Toronto International Film Festival is key to the Oscar race

Four years ago, a controversial British film called “Death of a President” stormed into the Toronto International Film Festival. The media was abuzz about its premise, which imagined that George W. Bush had been assassinated and Dick Cheney had ascended to the presidency.

It became the hottest ticket of the festival that year and inspired intense debate about the limits of artistic and political expression — before fizzling in commercial release.

Toronto, the preeminent North American gathering for top-tier filmmakers that starts Thursday and runs through next weekend, generates more heat and contention than almost any other festival. But the movies that wind up with staying power — and with past awards contenders including “Slumdog Millionaire” premiering here in the last few years, there is no shortage of them — are not always the ones garnering the most headlines.

For organizers, it’s a tricky balance. “If debate or controversy comes out of the festival, we think that’s a good thing,” said Cameron Bailey, co-director of the festival. “If controversy is coming from something outside of the films themselves, then it’s a bit more of a problem.”

Last year, the festival got off to a geopolitically charged start when several filmmakers boycotted the event because it was spotlighting films from and about Tel Aviv. The run-up has been quieter this year, with more focus on the festival’s move from its digs in the city’s Yorkville section to a new venue downtown called Bell Lightbox. But there are still a number of movies that could get juices flowing.

Middle East conflict is again on the map as Julian Schnabel premieres his Palestinian historical drama “Miral,” which centers on an orphanage, stars Freida Pinto and is already generating awards-season buzz. “Casino Jack,” in which Kevin Spacey plays disgraced lobbyist Jack Abramoff, will make its world premiere amid heavy pre-screening expectation. And the debut of “Trust,” the David Schwimmer-directed film about a girl who falls for an online predator, seems likely to ignite debate about the politics and ethics of identity in the digital age.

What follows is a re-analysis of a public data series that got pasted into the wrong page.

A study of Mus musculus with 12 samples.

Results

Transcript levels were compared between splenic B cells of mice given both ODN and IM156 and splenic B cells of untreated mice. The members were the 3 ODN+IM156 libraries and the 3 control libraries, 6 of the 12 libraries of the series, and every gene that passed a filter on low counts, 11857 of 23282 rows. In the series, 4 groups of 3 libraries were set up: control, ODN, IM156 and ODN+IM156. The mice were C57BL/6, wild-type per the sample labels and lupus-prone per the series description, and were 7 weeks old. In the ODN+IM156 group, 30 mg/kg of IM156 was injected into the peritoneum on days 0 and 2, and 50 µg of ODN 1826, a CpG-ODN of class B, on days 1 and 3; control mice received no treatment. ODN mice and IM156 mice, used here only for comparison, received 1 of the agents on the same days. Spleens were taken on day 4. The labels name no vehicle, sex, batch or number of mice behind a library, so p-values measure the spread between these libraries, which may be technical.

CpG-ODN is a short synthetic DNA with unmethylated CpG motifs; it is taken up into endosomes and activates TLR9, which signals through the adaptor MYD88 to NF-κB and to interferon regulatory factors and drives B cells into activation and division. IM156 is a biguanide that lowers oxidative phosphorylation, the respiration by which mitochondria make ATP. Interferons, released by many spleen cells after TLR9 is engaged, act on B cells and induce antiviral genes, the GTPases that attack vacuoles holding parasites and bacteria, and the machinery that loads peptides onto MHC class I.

A number of documentaries also could become lightning rods, particularly “Cool It,” Ondi Timoner’s film about Bjorn Lomborg, a Danish academic who has sought to debunk the message of Al Gore’s “An Inconvenient Truth.”

“It’s the first film that’s an optimistic film about global warming,” Lomborg told The Times about the message of the movie. “It’s a problem but it’s not the end of the world. It doesn’t mean everything you love is going to wash away.”

Filmmakers say gatherings like Toronto are not just about empty provocation but can also encourage and amplify social and political debates in a meaningful way. “The festival felt like a family and we’d just returned with news from the front,” said Ariel Schulman, co-director of “Catfish,” the social-media documentary that inspired fervent discussion at Sundance this year the way “Trust” could well do at Toronto.

But the hothouse atmosphere of a festival can also create a sense of disproportion, as it did for “Death of a President.” While the film was picked by distributors, it grossed less than $1 million at the global box office.

But there are happy endings on the sales front.

Although Toronto lacks the global rights activity that takes place at the market adjacent to the Cannes Film Festival, a number of films do come here and clinch high-priced deals that pay off at the box office, as was the case for the Mickey Rourke drama “The Wrestler” two years ago.

This year, the most talked-about titles whose U.S. rights remain available include the adaptation of David Lindsey-Abaire’s stage hit “Rabbit Hole”; Will Ferrell’s dark drama “Everything Must Go,” based on a Raymond Carver short story; and the Robert Redford-directed “The Conspirator,” which centers on the events that unfolded after the assassination of President Lincoln.

By showing a large number of pedigreed films, Toronto is a key handicapping ground for the Oscar race. This year, the specialty division Fox Searchlight, which has effectively used Toronto as an awards springboard for films such as “Slumdog Millionaire” and “Juno,” rides in with a trio of pictures that could attract attention. They include Darren Aronofsky’s supernatural-tinged character drama “Black Swan,” the Carey Mulligan dystopian mood piece “Never Let Me Go” and Danny Boyle’s follow-up to “Slumdog,” the mountain-climber drama “127 Hours” starring James Franco.

The Weinstein Co. will officially premiere the Tom Hooper period drama “The King’s Speech,” starring Colin Firth, after a highly successful sneak screening at the Telluride Film Festival.

Still, many of the early contenders often don’t end up panning out. Last year coming out of Toronto, Jason Reitman’s recession drama “Up in the Air” was the favorite to win the Academy Award for best picture. But that film faded down the stretch, and the top prize eventually went to “The Hurt Locker,” the Iraq war feature that had premiered at Toronto to far less fanfare a full year earlier.

“The fall festivals, and maybe especially Toronto, set the horse race,” Bailey said. “But you can never predict what’s going to come out of the back of the pack.”